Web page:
On Saturday, I made my first visit to Tucson’s Family History Center to take advantage of a slate of free genealogy courses. I learned more in three hours about my research options — including, at the center, free access to Ancestry.com — than I had in the last six months.
Anyone who has spent more than 10 minutes studying genealogy knows that most of these centers offer top notch research facilities — and that they are run by the Mormon Church (also called the Church of Jesus Christ of Latter Day Saints, or LDS). This knowledge led a Jewish friend to ask me how, for this project in particular, I could work with a group that baptizes Holocaust victims posthumously.
Say What? Posthumous Baptism?
According to Wikipedia’s entry on Baptisim for the Dead:
In the practice of The Church of Jesus Christ of Latter-day Saints, a living person, acting as proxy, is baptized by immersion on behalf of a deceased person…. Baptism for the dead is a distinctive ordinance of the church and is based on the belief that baptism is a required ordinance for entry into the Kingdom of God.
This is why genealogy has become so crucial a part of LDS life. According to Mormon.org, the official church site:
Those of us who have been bitten by the family history bug know how fun it can be. But this isn’t why we have the largest genealogical library in the world and why 13 million Mormons are encouraged to research their family roots. Rather, we are driven by our doctrine that teaches that marriage and families can continue beyond this life… When Christ organized His Church anciently, it included vicarious work for the dead and the practice of performing ordinances for deceased relatives “Else what shall they do which are baptized for the dead, if the dead rise not at all? Why are they then baptized for the dead?” (1 Corinthians 15:29).
The emphasis on “relatives” is mine. Church doctrine requires that proxy baptisms can only be performed by kin. Genealogy isn’t just a fun hobby for Mormons; it’s the key to finding souls to save.
The souls aren’t required to go along with the program, however. According to Wikipedia:
The LDS Church teaches that those in the afterlife who have been baptized by proxy are free to accept or reject the ordinance done on their behalf. Baptism on behalf of a deceased individual is not binding if that individual chooses to reject it in the afterlife.
Overzealousness within the Church
Unfortunately, not all church members have been vigilant about observing the only-baptize-your-relatives rule. According to a March 2012 story in the New York Times:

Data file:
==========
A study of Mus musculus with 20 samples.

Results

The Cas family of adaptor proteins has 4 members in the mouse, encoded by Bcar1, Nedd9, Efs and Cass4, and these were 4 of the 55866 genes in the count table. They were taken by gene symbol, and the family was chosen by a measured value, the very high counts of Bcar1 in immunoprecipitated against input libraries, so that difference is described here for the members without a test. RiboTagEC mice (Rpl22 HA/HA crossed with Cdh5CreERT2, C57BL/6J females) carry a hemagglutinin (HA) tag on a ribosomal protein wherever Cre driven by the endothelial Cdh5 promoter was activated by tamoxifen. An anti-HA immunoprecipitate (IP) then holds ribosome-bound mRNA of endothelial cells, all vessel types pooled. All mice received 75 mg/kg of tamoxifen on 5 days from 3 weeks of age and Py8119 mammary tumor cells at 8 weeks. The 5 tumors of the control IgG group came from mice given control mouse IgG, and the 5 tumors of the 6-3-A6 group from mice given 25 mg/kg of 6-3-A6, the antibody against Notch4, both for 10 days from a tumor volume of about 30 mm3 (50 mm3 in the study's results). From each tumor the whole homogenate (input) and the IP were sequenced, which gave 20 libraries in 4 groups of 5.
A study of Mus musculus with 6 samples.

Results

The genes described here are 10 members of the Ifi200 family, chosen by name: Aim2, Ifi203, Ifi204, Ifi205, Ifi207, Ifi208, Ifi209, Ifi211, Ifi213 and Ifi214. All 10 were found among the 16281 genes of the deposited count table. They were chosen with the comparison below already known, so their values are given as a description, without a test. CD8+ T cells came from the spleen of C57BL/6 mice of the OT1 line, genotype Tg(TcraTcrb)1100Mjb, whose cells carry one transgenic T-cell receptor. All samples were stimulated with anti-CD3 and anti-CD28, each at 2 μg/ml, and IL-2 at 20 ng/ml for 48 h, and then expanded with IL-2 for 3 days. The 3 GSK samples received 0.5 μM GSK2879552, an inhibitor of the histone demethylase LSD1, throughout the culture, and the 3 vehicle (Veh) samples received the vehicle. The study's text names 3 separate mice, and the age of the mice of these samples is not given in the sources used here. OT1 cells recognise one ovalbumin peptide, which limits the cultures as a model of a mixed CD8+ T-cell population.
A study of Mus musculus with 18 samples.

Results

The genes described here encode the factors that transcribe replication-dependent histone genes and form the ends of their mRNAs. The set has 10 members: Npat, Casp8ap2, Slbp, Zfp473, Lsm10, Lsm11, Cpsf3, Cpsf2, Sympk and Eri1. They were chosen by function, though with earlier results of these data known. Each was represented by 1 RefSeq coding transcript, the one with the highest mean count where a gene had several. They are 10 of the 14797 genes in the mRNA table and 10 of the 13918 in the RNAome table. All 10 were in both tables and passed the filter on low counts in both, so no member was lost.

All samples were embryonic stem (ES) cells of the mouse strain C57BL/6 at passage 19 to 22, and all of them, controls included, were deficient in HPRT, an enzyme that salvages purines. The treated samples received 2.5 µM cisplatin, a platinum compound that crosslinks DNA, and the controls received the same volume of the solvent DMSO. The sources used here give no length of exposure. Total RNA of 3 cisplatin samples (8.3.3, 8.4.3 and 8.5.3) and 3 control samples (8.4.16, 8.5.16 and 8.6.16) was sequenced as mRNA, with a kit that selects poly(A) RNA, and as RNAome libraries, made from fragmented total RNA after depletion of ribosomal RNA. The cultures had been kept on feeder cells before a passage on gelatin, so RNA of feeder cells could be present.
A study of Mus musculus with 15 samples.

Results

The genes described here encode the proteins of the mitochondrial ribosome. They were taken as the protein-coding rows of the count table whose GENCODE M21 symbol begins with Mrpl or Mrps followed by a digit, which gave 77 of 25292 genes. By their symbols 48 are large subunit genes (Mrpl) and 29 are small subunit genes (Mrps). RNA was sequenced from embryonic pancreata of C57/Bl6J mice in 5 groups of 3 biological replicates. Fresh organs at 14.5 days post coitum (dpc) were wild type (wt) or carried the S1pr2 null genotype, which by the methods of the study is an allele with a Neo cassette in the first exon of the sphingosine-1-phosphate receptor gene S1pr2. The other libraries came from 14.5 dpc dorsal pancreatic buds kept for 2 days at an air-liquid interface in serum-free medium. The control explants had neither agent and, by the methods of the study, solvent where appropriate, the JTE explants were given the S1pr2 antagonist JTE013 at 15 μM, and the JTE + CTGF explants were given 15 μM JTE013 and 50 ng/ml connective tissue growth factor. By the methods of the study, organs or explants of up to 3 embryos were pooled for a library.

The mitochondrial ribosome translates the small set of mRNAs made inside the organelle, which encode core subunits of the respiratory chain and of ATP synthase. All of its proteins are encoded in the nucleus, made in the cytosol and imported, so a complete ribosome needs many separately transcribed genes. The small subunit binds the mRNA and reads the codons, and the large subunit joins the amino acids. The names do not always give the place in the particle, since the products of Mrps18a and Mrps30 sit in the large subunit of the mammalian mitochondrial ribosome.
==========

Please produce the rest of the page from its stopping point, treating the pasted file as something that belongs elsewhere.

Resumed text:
Although the Church of Jesus Christ of Latter-day Saints promised in 1995 to stop including Holocaust victims in its ritual, the church admitted last week that Anne Frank had been “baptized” in a Mormon church in the Dominican Republic. On Wednesday, The Boston Globe reported that Daniel Pearl, a reporter for The Wall Street Journal who was kidnapped and killed by terrorists in Pakistan in early 2002, was baptized last June in Twin Falls, Idaho; Mr. Pearl was Jewish.
Non-Jewish celebrities had been posthumously baptized too.
The church’s reaction to these disclosures was swift and definitive. According to a USAToday.com article, also published in March 2012:
On Friday, the LDS church’s governing First Presidency issued an unequivocal mandate to its members: Do not submit names of Jewish Holocaust victims or celebrities for proxy baptism. Doing so could cost Mormons access to their church’s genealogical data or even their good standing in the faith.
“I don’t think it’s nice”
Some Jews were seriously offended, including Abraham Foxman, national director of the Anti-Defamation League, who was quoted in another USAToday.com story on the controversy:
I am a Holocaust survivor. It is so offensive in the sense that Holocaust victims were killed solely because they were Jews. And here comes the Mormon church taking away their Jewishness…. It’s like killing them twice.
Others were more philosophical about it. Laura Baum, an Ohio rabbi, is quoted in the New York Times article. “I don’t want to give any credence to anyone who thinks baptizing us matters,” she said. “On the other hand, I don’t think it’s nice.”
I agree with Rabbi Baum. It’s not nice. I find all proselytizing, before or after death, disrespectful. But I disagree with Abraham Foxman. There’s a vast difference between something done in good faith — literally — to the dead than something done to make them dead in the first place.
The Jews were not killed for their religion — after all, many had converted, or were not practicing — but for an insane, entirely false cultural construction of what a Jew is. The Nazis believed Jews were not human, akin to animals. In order to try to save someone’s soul, you have to believe she has one, which the Mormons do.
So I am happy to use the vast resources of the Family History Center to rescue my relatives from the hell to which they were consigned by the Nazis, in my fashion. And if the people at the center are a little nicer to me because they feel bad that a church member may have posthumously proselytized a great aunt or uncle, what could it hurt?